Call for Papers

Institute of Chinese Studies International Conference 2021
中國文化研究所國際學術會議 2021

December 15-16, 2021

The Institute of Chinese Studies (ICS) of the Chinese University of Hong Kong is pleased to issue a call for papers for the inaugural conference in our Biennial Chinese Studies International Conference Series: 1978: Evolution or Revolution? With full-funding support for all selected participants and designed for eventual publication, this conference will be held in-person over December 15-16, 2021.* The conference languages will be English and Chinese.


Theme - 1978: Evolution or Revolution?

Views about the importance and relevance of 1978 as a watershed moment continue to be debated by China scholars in many disciplines. Where some perceive the transition from Mao to Deng as a radical break and a political reversal equivalent to a revolution, others emphasize the persistence of Maoist and socialist institutions and practices well into the current era. Some scholars have questioned the existence of a definitive “before” and a clear “after”. Even among those convinced of the shift to post- or late-socialism, questions of how to narrate this divide remain. How abrupt was this change and how do we periodize the process? Was this a matter of a year or two, or did it involve gradual and multiple changes over five, ten, twenty years or longer? What determined the rate of change in various aspects of governance, economy, culture and social life? For those who see continuity, what forms did this continuity take? Was it a matter of top-down governance receding in the economic realm even as it intensified in other areas, for instance, birth control and urban development? Did once explicit, publicly lauded visions survive or remain implicit? Did the repression of certain ideas and practices revive as conditions evolved? Were the changes or continuities more a matter of political direction or organizational form, economic development or technological change, entrenched habits and values or inalterable human tendencies? How do the answers to these questions inform our view of China’s history in the twentieth century and of China today? This conference aims to inspire reflective, critical re-evaluations of the relevance of this historical transition.



We invite scholars from all disciplines in the social sciences, humanities and beyond to narrate and theorize aspects of this divide. We welcome papers in topics as diverse as the role of state-owned enterprises in the economy; forms of economic organization; goals, patterns of alliance, and strategies of foreign policy; transformations in institutions like danwei, schools, or organs of government, and in forms of governance such as surveillance, modelling, punishing, re-educating, incentivizing and assimilating; policies toward, social strategies of and ruptures for the industrial working class, rural people, migrants, ethnic minorities and marginalized groups of all kinds and of all localities and regions – peri-urban Beijing to Tibet, Hulunbuir to Xishuangbanna; strategies of expression and control in the arts, literature, scholarship, religion and popular culture, and explorations of new imaginations, cultural representations, and social values available and arising; emerging new conceptions of connection to the world, including specifically to Hong Kong, Japan, the US and all migrant-receiving countries and Overseas Chinese communities; patterns of consumption and waste; visions of nature and practices of environmental destruction or conservation; shifting patterns of familial formation, sexuality and gender relations.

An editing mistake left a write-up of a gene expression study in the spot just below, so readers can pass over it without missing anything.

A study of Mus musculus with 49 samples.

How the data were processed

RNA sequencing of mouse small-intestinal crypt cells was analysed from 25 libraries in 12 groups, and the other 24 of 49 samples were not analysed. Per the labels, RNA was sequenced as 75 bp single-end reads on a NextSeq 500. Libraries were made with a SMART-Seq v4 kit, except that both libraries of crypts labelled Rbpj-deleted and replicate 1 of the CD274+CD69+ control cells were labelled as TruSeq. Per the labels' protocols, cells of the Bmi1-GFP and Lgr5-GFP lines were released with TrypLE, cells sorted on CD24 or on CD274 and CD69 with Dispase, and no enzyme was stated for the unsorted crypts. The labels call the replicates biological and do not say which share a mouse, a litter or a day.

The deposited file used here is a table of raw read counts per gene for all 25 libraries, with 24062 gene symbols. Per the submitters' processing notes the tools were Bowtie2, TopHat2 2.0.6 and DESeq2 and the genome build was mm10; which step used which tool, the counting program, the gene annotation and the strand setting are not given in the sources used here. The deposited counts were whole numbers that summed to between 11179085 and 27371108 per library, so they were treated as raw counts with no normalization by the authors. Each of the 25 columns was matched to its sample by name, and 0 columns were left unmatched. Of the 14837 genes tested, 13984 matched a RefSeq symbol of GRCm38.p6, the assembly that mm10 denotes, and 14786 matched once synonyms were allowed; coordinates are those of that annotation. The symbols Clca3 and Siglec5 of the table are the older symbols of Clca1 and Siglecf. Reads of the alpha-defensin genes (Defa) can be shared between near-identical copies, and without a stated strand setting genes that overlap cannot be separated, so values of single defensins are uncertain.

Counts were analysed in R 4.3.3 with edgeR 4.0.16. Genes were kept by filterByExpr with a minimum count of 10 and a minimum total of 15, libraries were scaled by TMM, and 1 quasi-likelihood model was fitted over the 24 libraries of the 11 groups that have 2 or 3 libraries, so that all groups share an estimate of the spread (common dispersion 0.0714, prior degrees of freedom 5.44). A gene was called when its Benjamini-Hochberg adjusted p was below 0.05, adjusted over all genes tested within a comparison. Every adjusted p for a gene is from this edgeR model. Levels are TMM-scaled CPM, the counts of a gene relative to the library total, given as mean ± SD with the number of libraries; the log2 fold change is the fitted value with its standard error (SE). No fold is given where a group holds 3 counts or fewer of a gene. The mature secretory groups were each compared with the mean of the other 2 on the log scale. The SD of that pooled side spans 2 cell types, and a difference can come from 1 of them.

The conference will cover the costs of airfare to and from home institution (economy class), accommodation and meals during the conference.



Applicants should send a 300-500 word paper proposal and their CV to no later than July 2, 2021.


Enquiry / 3943 0406


Conference Organizing Committee

Professor Jan Kiely, Director of the Centre for China Studies, CUHK

Professor Andrew Kipnis, Department of Anthropology, CUHK

Professor Pierre Landry, Department of Government and Public Administration, CUHK

Professor Pang Laikwan, Department of Cultural and Religious Studies, CUHK

Professor Vivian Zhan, Department of Government and Public Administration, CUHK


* Remark: If public health conditions for travel or in Hong Kong do not permit the holding of the conference in-person, it will be rescheduled to a time when that will be possible.